Municipalities across the country are identifying infrastructure-related projects that could be accelerated if President-elect Barack Obama signs stimulus legislation that could pour billions into the nation’s economy. Charlottesville is no different, and at their meeting on January 5, 2009, City Council heard details on several projects that could be quickly fast-tracked should funding come available.


list reviewed by Charlottesville City Council

Podcast produced by Charlottesville Tomorrow * Player by Odeo

Listen using player above or download the podcast:

Download 20090105-CC-Stimulus

“We’ve not gotten a formal request from anybody,” said City Manager Gary O’Connell while beginning his presentation to Council. In preparation, he studied a recent speech in which the President-elect offered broad strokes of how potential stimulus money might be used.  O’Connell told Council he thinks that the Obama administration will be looking for public works projects that can create jobs quickly while also addressing crumbling infrastructure. O’Connell said this could involve the following kinds of projects:

However, O’Connell cautioned Council about expecting much.

“We have no idea how much money we’re talking about, if any,” he said.  He also warned that large metropolitan areas are requesting funding for $200 million projects, and that it is uncertain how any funding will be prioritized.

Artist’s rendering of the new Smith
Aquatic Center, one of the City’s top priorities to receive stimulus
funding if it becomes available (Source: City of Charlottesville)

In developing the City’s list

, Economic Development Director Aubrey Watts separated potential  projects into a series of categories and then ranked them based on several factors, ranging from how the project fits into Council’s priorities to how many jobs might be created. Watts also said that if a major project were somehow funded, that would allow the City to restore other projects that have been put on hold due to budget cuts.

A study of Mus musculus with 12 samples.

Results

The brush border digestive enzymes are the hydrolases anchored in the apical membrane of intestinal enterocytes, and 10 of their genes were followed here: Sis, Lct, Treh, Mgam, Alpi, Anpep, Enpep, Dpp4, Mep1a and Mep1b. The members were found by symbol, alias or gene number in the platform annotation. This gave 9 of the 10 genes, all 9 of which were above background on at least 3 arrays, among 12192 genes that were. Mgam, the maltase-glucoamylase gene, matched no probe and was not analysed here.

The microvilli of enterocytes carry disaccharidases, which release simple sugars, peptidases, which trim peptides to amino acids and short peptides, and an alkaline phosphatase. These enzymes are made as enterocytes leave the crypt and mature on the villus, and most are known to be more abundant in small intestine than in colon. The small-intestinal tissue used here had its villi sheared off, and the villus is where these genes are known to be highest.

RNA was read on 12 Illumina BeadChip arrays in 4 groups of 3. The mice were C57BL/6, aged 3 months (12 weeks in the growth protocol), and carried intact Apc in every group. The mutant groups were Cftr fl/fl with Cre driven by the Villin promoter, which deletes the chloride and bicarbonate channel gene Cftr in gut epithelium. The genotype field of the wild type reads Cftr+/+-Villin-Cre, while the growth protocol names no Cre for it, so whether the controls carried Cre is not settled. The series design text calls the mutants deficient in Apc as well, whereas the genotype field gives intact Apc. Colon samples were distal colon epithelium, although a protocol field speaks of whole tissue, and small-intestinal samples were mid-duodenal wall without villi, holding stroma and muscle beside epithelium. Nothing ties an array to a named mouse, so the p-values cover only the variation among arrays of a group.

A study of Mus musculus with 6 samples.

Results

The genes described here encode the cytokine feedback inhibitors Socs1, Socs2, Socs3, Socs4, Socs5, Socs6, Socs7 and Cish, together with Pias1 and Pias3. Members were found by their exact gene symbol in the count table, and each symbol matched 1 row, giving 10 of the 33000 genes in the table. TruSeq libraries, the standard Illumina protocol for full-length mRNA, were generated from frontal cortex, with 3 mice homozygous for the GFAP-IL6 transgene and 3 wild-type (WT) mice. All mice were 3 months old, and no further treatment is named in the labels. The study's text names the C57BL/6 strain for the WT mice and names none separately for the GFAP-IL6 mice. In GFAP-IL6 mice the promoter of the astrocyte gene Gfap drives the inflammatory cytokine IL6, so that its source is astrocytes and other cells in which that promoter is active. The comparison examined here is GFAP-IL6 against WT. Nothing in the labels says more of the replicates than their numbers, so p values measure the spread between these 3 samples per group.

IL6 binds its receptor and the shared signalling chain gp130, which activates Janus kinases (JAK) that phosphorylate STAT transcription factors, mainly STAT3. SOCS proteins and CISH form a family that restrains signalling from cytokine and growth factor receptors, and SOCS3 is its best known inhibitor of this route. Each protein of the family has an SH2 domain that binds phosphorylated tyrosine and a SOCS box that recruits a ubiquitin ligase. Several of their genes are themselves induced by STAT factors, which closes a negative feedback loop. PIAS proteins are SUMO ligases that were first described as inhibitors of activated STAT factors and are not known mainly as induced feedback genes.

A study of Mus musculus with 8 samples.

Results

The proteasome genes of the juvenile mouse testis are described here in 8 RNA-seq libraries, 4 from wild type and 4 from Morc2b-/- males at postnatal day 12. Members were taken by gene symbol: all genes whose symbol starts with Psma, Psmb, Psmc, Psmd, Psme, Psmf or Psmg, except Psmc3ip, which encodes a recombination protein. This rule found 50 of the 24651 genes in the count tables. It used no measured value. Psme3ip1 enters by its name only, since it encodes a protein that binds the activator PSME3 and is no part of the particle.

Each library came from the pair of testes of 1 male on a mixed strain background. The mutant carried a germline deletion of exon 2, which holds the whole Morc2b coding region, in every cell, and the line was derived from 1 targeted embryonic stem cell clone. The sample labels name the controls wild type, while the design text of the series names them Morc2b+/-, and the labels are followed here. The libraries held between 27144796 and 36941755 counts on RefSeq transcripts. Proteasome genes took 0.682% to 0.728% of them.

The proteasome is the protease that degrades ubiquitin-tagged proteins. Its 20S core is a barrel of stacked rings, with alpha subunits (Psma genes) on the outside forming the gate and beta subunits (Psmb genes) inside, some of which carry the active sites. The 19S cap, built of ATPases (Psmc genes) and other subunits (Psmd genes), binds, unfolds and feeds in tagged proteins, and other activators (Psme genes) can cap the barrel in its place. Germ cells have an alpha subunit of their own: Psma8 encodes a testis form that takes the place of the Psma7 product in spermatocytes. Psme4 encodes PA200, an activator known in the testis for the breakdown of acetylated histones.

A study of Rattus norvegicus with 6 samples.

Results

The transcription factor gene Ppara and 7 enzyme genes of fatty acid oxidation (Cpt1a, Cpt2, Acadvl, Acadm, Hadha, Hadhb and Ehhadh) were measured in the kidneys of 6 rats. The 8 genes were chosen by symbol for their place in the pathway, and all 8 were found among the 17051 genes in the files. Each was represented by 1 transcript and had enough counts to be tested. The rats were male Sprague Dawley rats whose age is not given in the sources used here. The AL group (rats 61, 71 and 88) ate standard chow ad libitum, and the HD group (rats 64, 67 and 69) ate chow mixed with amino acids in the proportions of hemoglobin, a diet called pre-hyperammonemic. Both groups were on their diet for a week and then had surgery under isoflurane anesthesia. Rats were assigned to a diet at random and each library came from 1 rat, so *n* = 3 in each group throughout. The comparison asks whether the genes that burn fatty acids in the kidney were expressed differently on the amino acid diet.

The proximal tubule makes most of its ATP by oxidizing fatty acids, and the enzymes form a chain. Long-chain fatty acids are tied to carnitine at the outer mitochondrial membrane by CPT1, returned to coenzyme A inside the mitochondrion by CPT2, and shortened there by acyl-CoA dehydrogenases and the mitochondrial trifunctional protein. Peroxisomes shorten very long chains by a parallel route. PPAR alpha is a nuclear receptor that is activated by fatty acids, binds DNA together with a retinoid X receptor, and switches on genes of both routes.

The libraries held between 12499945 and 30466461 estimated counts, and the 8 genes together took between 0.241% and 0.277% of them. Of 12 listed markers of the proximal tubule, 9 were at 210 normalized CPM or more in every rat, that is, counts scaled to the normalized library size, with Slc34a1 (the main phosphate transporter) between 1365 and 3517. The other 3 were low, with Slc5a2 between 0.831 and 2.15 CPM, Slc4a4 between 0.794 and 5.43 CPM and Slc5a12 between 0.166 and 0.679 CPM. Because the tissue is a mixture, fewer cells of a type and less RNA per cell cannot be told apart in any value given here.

Dave Norris

said he did not see any clean energy projects on Watt’s list, such as LED streetlights. Watts said the City has already embarked on “an incredible amount” of energy conservation projects. He said LED streetlights could not be implemented within a few months given uncertainty about what specific technology might be implemented.


David Brown

asked if it would be possible to invest the City’s public housing stock to make units more energy efficient.  Norris said that the City is currently replacing all of the refrigerators, but that other areas could also be upgraded. Watts recommended that the Charlottesville Redevelopment and Housing Authority submit a list of potential projects.


Julian Taliaferro

said he appreciated Watts’ emphasis on securing one large project.  After seeing the list, Brown said he was comfortable having staff move ahead with sending a letter to state and federal officials identifying City priorities.  The rest of the Council agreed. Councilor

Satyendra Huja

was not present.

Projects ranked as Charlottesville’s top priority:

Project Title:  Water protection infrastructure program

Category: Repair Aging Infrastructure

Details: Repair or replace 7.2 miles of corrugated metal pipe and crumbling clay pipe

Cost: $2,800,000

When Construction Could Start: March 2009

Project: Smith Aquatic Center

Category:  Repair Aging Infrastructure- Parks and Recreation

Details: Build new 24,330 square feet pool and wellness center, including 6-lane competition pool

Cost: $11,450,000

When Construction Could Start: April 2009

Sean Tubbs


Interested in what we're working on next? Sign up for our weekly newsletter and never miss a story.